By toasting the illusion of victory, we could undo what we have built at Standing Rock, this unprecedented act of collective resistance. By celebrating too soon, you're helping to build a pipeline.
All Native struggles in the United States are a struggle against erasure. The poisoning of our land, the theft of our children, the state violence committed against us -- we are forced to not only live in opposition to these ills, but also to live in opposition to the fact that they are often erased from public view and public discourse, outside of Indian Country. The truth of our history and our struggle does not match the myth of American exceptionalism, and thus, we are frequently boxed out of the narrative.
The struggle at Standing Rock, North Dakota, has been no exception, with Water Protectors fighting tooth and nail for visibility, ever since the Sacred Stone prayer encampment began on April 1.
For months, major news outlets have ignored what's become the largest convergence of Native peoples in more than a century. But with growing social media amplification and independent news coverage, the corporate media had finally begun to take notice. National attention was paid. Solidarity protests were announced in cities around the country. The National Guard was activated in North Dakota.
The old chant, "The whole world is watching!" seemed on the verge of accuracy in Standing Rock.
And then came today's ruling, with a federal judge finding against the Standing Rock Sioux, and declaring that construction of the pipeline could legally continue. It was the ruling I expected, but it still stung. I felt the sadness, anger and disappointment that rattled many of us as we received the news. But then something happened. Headlines like, "Obama administration orders ND pipeline construction to stop" and "The Obama Administration Steps In to Block the Dakota Access Pipeline" began to fill my newsfeed, with comments like, "Thank God for Obama!" attached to them.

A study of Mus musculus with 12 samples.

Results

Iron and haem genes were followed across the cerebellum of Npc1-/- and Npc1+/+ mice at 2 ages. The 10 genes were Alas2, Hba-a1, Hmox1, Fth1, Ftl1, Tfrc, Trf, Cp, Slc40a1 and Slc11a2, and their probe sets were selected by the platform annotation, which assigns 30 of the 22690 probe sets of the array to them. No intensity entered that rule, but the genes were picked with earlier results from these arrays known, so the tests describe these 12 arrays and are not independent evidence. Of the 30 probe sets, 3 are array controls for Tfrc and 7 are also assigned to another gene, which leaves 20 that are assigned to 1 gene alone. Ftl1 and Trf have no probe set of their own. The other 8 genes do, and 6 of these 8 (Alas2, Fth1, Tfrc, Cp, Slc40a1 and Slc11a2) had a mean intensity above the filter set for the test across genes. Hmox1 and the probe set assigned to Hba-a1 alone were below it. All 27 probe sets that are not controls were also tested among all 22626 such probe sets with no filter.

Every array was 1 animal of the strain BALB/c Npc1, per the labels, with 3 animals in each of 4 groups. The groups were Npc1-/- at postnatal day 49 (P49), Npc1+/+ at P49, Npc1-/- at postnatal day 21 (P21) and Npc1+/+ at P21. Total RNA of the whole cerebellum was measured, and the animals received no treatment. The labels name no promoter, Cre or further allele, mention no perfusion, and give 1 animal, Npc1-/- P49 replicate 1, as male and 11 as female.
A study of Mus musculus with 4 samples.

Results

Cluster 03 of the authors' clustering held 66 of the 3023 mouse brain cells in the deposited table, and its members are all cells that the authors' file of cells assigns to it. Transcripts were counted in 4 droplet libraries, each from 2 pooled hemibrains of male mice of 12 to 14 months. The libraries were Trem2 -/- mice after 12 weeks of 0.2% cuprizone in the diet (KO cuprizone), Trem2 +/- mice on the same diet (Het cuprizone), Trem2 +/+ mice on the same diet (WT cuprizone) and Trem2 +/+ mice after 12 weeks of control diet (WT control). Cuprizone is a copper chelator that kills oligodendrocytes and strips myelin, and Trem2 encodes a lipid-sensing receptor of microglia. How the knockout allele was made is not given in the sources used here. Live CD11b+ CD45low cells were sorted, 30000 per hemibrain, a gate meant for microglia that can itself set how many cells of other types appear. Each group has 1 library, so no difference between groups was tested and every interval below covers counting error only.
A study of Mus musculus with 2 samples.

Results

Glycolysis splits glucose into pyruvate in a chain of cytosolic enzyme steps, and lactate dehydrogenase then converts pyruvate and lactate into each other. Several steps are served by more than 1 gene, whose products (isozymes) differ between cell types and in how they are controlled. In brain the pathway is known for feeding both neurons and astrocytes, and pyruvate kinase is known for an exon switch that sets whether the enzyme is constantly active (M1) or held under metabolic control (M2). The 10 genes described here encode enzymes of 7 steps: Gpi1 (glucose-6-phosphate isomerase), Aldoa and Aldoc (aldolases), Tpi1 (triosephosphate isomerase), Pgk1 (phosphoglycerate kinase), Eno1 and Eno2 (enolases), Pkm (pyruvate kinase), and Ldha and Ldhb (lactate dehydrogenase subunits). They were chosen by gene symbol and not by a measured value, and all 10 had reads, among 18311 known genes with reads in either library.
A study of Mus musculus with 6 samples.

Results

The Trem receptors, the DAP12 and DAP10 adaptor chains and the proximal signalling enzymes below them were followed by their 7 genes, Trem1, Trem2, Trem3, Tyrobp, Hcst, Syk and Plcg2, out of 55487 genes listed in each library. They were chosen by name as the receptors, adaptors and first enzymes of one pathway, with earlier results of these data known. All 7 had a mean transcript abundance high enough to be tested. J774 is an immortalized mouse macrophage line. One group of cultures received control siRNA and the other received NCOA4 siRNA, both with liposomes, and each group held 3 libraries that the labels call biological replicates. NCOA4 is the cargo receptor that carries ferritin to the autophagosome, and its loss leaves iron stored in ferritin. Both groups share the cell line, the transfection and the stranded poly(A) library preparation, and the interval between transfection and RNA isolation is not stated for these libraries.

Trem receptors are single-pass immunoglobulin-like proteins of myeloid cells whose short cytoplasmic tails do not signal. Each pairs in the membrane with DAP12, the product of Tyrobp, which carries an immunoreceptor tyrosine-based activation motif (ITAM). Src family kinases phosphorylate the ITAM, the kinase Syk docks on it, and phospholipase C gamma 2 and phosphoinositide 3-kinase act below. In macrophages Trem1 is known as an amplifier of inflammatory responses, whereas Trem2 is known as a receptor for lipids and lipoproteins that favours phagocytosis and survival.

Clearly, a major plot twist has occurred. But it's not the one that's being sold.
To understand that this isn't the victory it's being billed as, you have to read the fine print in the presently lauded joint statement from the Department of Justice, the Department of the Army and the Department of the Interior:
"The Army will not authorize constructing the Dakota Access pipeline on Corps land bordering or under Lake Oahe until it can determine whether it will need to reconsider any of its previous decisions regarding the Lake Oahe site under the National Environmental Policy Act (NEPA) or other federal laws."
Note what's actually being said here, what's being promised and what isn't.
What is actually being guaranteed?
But this next section is a little more promising, right?
"Therefore, construction of the pipeline on Army Corps land bordering or under Lake Oahe will not go forward at this time. The Army will move expeditiously to make this determination, as everyone involved -- including the pipeline company and its workers -- deserves a clear and timely resolution. In the interim, we request that the pipeline company voluntarily pause all construction activity within 20 miles east or west of Lake Oahu."